Iraqi intelligence corps get specialized training at military academy

BAGHDAD — The Iraqi military has formed an intelligence corps from graduates of an academy established in 2005.

So far hundreds of Iraqi cadets have completed advanced courses in intelligence training. The courses were designed with assistance from the U.S.-led coalition.

The Iraq Army has been operating a military intelligence academy in Taji. On June 18, nearly 200 cadets were graduated from the academy, with some of them completing a new geospatial and mapping course, Middle East Newsline reported.


"This is the first time Iraqis have been able to create maps," U.S. Army Staff Sgt. Christopher Donaldson, an adviser to the Iraqi military, said. "In the past, mapping was hired out to other countries. Having this capability reduces their dependence on other nations."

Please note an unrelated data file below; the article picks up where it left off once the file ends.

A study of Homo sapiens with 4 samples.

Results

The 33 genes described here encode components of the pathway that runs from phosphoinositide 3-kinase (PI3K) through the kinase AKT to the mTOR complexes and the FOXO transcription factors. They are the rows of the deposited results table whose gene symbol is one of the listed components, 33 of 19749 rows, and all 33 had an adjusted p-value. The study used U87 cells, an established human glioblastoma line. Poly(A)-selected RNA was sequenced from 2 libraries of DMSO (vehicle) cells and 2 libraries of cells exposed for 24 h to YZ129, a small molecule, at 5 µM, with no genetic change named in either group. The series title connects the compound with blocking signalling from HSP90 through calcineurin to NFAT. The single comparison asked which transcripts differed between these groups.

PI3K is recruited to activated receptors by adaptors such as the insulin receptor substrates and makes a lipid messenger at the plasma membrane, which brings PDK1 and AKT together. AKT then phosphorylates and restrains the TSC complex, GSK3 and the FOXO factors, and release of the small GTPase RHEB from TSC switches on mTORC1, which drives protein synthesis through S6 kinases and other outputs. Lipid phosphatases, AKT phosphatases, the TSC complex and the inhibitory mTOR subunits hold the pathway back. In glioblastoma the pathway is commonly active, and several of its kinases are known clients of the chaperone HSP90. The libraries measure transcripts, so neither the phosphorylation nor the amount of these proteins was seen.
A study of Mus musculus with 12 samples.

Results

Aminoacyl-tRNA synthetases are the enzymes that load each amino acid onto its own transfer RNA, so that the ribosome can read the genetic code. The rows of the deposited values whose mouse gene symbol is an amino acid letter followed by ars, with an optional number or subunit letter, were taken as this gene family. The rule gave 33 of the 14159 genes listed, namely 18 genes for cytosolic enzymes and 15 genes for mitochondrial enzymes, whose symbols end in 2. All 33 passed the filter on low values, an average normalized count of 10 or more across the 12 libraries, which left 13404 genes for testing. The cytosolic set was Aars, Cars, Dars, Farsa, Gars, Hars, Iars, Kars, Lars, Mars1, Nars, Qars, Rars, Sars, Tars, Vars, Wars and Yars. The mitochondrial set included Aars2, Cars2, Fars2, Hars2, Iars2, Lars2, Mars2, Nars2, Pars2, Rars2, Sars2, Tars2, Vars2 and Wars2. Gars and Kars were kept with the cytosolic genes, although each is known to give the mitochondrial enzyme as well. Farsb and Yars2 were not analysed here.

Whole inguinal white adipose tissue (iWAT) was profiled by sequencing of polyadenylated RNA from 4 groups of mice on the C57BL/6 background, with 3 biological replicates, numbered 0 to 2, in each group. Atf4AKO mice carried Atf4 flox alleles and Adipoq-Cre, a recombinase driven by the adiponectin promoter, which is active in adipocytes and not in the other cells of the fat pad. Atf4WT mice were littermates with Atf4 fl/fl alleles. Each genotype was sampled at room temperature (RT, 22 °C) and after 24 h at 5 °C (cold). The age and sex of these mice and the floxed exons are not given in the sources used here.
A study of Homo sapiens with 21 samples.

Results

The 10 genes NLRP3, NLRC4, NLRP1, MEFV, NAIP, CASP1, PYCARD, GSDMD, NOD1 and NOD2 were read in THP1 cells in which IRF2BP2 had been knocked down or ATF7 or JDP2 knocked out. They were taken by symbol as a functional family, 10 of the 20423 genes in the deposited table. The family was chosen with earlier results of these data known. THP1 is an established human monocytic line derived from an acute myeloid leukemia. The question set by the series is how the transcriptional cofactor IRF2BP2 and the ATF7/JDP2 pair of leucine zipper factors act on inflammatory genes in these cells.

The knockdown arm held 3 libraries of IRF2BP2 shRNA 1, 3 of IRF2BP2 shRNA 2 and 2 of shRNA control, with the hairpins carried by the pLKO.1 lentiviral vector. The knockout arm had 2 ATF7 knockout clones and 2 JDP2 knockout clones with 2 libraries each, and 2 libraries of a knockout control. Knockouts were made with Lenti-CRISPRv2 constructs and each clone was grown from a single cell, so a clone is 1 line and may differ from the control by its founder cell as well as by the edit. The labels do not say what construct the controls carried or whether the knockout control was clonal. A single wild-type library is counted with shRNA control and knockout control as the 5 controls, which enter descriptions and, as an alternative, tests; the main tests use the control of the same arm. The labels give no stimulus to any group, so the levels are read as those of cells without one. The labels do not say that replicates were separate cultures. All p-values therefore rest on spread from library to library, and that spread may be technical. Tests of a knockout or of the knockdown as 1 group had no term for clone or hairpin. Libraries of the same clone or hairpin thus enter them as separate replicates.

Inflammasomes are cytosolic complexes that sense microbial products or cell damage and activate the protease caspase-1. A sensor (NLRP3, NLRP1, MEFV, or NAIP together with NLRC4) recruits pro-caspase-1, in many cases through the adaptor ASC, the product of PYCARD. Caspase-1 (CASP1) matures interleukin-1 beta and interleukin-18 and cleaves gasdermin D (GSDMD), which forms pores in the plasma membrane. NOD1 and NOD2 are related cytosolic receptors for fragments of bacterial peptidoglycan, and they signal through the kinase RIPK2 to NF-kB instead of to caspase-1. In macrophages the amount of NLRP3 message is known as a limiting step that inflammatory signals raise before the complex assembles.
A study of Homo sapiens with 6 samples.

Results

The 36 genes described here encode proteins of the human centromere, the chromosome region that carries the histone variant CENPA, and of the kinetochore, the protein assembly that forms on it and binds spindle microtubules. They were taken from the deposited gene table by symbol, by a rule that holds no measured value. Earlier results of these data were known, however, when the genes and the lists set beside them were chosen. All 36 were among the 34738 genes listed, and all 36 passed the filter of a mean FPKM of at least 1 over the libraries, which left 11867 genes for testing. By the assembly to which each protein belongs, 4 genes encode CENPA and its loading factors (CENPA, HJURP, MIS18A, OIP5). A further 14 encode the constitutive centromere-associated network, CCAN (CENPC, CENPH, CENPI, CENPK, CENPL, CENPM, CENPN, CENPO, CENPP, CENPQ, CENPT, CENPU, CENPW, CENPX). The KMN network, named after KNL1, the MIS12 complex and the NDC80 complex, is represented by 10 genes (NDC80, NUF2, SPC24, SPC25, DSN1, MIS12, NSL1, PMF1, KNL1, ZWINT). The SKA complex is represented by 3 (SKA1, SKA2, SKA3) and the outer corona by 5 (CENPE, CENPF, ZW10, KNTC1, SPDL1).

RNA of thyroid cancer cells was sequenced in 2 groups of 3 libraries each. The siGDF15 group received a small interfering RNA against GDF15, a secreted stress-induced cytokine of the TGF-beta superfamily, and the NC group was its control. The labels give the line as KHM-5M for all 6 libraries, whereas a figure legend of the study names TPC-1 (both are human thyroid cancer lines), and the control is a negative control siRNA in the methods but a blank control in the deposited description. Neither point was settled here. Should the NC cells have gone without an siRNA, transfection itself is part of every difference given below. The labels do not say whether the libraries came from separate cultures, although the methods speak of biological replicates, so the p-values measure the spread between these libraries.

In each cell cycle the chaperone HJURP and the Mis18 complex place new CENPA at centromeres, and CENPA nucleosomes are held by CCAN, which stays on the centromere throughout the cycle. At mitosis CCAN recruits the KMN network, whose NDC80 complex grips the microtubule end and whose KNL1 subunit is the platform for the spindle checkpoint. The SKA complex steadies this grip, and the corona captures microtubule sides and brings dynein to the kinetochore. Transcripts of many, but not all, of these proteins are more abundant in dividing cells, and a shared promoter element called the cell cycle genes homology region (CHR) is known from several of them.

Each cadet at the Iraqi Military Intelligence Academy was required to complete a four-week basic military intelligence course and a five-week specialty course. Eight of the students were the first to graduate from the new geospatial and mapping course.

The academy has offered such specialty courses as analysis, counter-intelligence, human intelligence, low-level voice intercept, and reconnaissance and surveillance. In 2008, the academy added signal intercept along with four graduate level courses. The graduate courses were geospatial and mapping, senior intelligence management, advanced human intelligence and advanced interrogation.

Officials said the Iraqi Military Intelligence Academy has trained almost 3,000 personnel since its establishment in 2005. They said that by 2010, the academy would graduate 3,000 cadets per year while faculty would expand from 24 to 135.

"With each graduation more qualified students go out to the ranks of the Iraqi army and help accomplish the mission," U.S. Navy Lt. Chance Hill, an adviser to the intelligence academy said. "As the numbers of graduates grow, we move that much closer to making a professional Iraqi army."